Centre for Internet & Society

The Habits of Living Thinkathon (Thinking Marathon) is being hosted by the Centre for Internet and Society in Bangalore, India, from September 26 to 29, 2012. The event brings together a range of multi-disciplinary scholars and practitioners. The aim of the workshop is to generate a dialogue on the notion of surrogate structures that have become visible landmarks of contemporary life, and to produce new conceptual frameworks to help us understand networks and the ways in which they inform our everyday practice and thought.

Rijuta Mehta talked to us today about networks of Hindu militant nationalism, which she has termed “Hindutva” networks. Through her back in cultural media studies, she has become interested in the creation and existence of non-citizens as well as the interaction between the state and the stateless person. Using the larger framework of non-citizenship and the media, Rijuta has been trying to make sense of the militant Hindutva movements that are abound in India.

Rijuta argues that a good way of understanding these movements is by using a network framework, particularly one that recognizes the integral part that is played by interaction between the various networks and that these networks are characterized by the politics of non-citizenship—that is, those that are excluded from the Hindutva networks are non-citizens. Mehta asks us: What is the form of these networks, and what do they have to do with the persecution of non-citizens in India? To what extent does Hindutva make the form of the network visible in political society and political violence? How do networks of dispossession and externalism give and take form? What is the form of the Hindutva network(s)?

To help answer some of these questions, Mehta walks us through a brief history of the growth of Hindutva groups in India, and describes to us how their characterization has changed over time. Hindutva has moved from being a collection of networks of those who identify as Hindu to a multilevel movement known for its violence against Muslims and those it views as non-citizens. The Hindutva organization is characterized by many branches of networks, which has allowed for the expression of many different beliefs and ideologies within the overarching framework of Hindutva. However, though the networks may appear to be decentralized, the groups are still dependent on a hierarchal stratification of central nodes of power. This complex structure of authority allows for niches for petty/local sovereigns.

Mehta points out at this point that the public often sees networks as being emancipatory, but in the example of the Hindutva, this has to be questioned. We should expect to see networks being created in instances of mediated rule and patron-clientalism, both of which lead to the structure of civil society being characterized by the creation of multiple networks centralized around middlemen. Networked associations such as these tend to enable higher incidences of violence, and can even lead to long-term entrenched violence. Consequently, networks should not be seen as being ultimately emancipatory, as they can be the cause of more established structures of oppression.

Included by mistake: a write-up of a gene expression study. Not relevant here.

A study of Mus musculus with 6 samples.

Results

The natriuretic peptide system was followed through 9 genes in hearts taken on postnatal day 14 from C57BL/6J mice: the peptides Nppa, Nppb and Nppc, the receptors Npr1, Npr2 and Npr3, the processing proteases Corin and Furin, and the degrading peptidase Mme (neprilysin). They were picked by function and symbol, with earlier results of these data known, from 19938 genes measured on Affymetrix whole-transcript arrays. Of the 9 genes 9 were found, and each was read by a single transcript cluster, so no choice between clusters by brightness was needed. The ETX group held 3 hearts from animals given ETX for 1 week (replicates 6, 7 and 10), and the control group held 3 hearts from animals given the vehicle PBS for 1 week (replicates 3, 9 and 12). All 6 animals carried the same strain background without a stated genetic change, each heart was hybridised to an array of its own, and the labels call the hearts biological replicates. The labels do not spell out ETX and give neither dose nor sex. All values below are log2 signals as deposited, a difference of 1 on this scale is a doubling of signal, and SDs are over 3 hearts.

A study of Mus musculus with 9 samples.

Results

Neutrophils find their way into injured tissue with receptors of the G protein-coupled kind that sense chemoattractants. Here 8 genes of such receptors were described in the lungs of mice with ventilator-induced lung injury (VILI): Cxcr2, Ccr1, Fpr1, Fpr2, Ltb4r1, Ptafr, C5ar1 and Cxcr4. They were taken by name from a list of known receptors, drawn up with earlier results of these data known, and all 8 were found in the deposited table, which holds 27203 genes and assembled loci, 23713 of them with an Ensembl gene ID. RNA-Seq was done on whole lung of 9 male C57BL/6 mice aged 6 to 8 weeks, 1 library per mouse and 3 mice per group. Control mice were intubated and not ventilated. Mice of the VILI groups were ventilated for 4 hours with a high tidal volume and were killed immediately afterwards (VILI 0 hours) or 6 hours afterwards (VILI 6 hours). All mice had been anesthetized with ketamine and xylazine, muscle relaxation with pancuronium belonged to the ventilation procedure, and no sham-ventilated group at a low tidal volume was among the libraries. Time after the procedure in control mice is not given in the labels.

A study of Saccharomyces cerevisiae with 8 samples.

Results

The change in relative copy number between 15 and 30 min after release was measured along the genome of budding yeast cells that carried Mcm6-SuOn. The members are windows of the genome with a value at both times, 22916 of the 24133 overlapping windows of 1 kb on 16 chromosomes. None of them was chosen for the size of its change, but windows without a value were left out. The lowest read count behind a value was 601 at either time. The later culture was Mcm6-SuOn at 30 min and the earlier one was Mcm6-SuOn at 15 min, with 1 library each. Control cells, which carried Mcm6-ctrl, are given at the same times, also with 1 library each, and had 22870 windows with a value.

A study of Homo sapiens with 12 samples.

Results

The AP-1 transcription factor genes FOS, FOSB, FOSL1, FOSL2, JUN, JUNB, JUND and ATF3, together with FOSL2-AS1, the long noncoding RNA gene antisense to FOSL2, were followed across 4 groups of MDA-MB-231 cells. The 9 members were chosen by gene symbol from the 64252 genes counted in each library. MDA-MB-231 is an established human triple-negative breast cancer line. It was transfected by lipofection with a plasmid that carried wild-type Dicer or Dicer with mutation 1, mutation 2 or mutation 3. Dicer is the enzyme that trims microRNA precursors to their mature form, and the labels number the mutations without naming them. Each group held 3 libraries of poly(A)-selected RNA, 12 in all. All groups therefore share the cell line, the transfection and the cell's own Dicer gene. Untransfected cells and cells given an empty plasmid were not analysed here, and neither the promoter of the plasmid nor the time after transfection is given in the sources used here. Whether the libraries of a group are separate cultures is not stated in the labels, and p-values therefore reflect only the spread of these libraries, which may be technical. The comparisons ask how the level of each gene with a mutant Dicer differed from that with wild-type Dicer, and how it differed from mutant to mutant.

Participants were quick to discuss the use of the word “Hindutva” when describing these networks. It was pointed out that in a Supreme Court of India ruling, Hindutva was defined as “the way of life of the Indian people and the Indian culture or ethos,” and that Hindutva could encompass any type of Hinduism. Discussion arose over whether or not there are non-problematic Hindutva networks. Many participants argued that though Hindutva is now associated with the militant right-wing, it may still be incorrect to called the violent or aggressive Hindu nationalist movement Hindutva because the borders between the militant Hindutva networks and various other non-militant or even non-nationalistic Hindu networks are not clear.

Bringing it back to habits and living, discussions were brought up about the similarities between Hinduism as a lifestyle, as being part or a guiding structure to habits and living, and Christianity as a lifestyle. In many places in the USA, many people who are not orthodoxly religious still perform religious activities simply because it is part of their habit and lifestyles, and those practices are so deeply engrained into the culture and everyday life of those Americans. This is where the term Hindutva becomes problematic as simply a term to describe militant nationalist networks, as Hindutva can also be seen as a structure of everyday life for many Indians.

I thought the discussion about the use of the term Hindutva was very important, as the use of an all-encompassing term with unclear boundaries can vilify groups or individuals who do not identify with the popular understanding of Hindutva as a militant nationalist group. I also thought that the point about mediated rule and patron-clientalism is a highly interesting avenue for the research of networks and how network structures interact with the state and the political sphere, as they can influence both the development of a legitimate political regime as well as the creation of citizen and non-citizen identities.

The views and opinions expressed on this page are those of their individual authors. Unless the opposite is explicitly stated, or unless the opposite may be reasonably inferred, CIS does not subscribe to these views and opinions which belong to their individual authors. CIS does not accept any responsibility, legal or otherwise, for the views and opinions of these individual authors. For an official statement from CIS on a particular issue, please contact us directly.